The sun is out, your shirtsleeves are cuffed, a spring’s in your step, and you’re ready for your… first day of kindergarten?

Groupings of primary colors are forever associated in my head with children’s toys, color-coding, and the simple, friendly atmosphere of school classrooms for young children. Bright, uncomplicated reds, yellows, and blues felt condescending to me as a kid, like the world of package design was telling me that I wasn’t smart enough for more nuanced tones yet.

I don’t think this gangly adult human walking in front of me in New York City was deliberately trying to look like a small child, but that backpack looks like a prop from Sesame Street, or like what a performer at a drag ball would wear to accomplish “schoolboy realness.”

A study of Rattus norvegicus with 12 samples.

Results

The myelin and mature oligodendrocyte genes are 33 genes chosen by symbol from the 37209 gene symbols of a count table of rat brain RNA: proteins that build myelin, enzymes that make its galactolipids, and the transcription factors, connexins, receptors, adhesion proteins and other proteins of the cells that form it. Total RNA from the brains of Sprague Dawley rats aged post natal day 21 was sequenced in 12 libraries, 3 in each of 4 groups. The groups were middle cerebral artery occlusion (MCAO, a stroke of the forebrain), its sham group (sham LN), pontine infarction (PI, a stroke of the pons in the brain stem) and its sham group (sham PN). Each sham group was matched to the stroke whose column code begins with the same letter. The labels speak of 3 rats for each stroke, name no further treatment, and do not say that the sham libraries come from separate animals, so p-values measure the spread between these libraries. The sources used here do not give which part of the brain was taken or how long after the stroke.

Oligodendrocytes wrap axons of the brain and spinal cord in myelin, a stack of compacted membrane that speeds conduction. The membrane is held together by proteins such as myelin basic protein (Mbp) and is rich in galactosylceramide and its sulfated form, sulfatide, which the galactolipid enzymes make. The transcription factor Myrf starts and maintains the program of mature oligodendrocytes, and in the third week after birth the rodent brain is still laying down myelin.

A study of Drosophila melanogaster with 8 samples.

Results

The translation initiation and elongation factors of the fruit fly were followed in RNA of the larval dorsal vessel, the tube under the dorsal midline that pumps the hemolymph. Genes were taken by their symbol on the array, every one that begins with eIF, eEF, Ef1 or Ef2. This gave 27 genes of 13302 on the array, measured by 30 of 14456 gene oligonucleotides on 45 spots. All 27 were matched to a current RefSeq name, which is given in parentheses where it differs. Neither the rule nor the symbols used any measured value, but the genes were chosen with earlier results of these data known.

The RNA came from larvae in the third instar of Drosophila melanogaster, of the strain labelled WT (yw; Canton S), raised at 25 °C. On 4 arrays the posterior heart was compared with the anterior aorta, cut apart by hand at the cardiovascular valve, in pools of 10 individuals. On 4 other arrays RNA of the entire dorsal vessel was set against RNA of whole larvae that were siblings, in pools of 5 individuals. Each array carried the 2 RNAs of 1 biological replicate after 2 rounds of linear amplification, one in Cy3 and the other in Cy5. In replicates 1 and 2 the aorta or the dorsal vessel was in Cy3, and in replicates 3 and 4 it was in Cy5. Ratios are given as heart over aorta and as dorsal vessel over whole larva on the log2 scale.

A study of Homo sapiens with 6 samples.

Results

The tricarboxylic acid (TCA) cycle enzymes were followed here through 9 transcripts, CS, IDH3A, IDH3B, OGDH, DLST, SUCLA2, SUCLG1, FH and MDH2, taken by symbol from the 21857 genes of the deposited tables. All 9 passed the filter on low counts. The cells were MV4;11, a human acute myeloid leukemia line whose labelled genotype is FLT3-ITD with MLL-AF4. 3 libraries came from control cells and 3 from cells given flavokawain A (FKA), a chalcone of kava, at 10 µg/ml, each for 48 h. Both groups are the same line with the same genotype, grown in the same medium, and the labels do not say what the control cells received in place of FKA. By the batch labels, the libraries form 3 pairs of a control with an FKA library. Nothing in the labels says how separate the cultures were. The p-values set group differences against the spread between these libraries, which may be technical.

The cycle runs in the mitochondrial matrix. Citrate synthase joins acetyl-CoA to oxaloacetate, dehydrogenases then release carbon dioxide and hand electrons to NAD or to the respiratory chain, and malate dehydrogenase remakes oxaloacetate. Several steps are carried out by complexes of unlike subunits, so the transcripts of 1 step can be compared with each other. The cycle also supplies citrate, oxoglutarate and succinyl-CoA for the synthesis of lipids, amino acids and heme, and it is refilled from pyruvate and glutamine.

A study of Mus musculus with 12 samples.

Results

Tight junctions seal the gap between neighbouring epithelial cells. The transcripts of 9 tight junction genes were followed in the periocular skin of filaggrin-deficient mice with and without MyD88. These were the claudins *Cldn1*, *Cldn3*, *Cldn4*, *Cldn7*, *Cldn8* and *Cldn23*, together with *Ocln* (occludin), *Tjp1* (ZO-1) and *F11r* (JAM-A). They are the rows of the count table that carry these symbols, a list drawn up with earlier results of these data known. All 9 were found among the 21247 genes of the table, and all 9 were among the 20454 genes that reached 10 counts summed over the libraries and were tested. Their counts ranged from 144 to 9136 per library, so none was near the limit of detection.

The costume effect was very much downplayed by the pastel pinks and blues of his shirt and shorts, but this could also be something of a deliberate subversion—toys marketed to little girls are often in shades of pinks, purples, and soft blues, while neutral and “boy” toys are generally in solid (and to my mind, grating) hues of red, yellow, green, and darker blue like the we see on the backpack.

Here’s a facetious question on the performativity of gender: is this outfit a representation of feminine people carrying the baggage of masculinity? Perhaps! But it’s probably a coincidence. Never let anyone tell you that fashion doesn’t mean anything.

Follow The Art of Style by Kit Mills.  For more of Kit’s work, check out their website.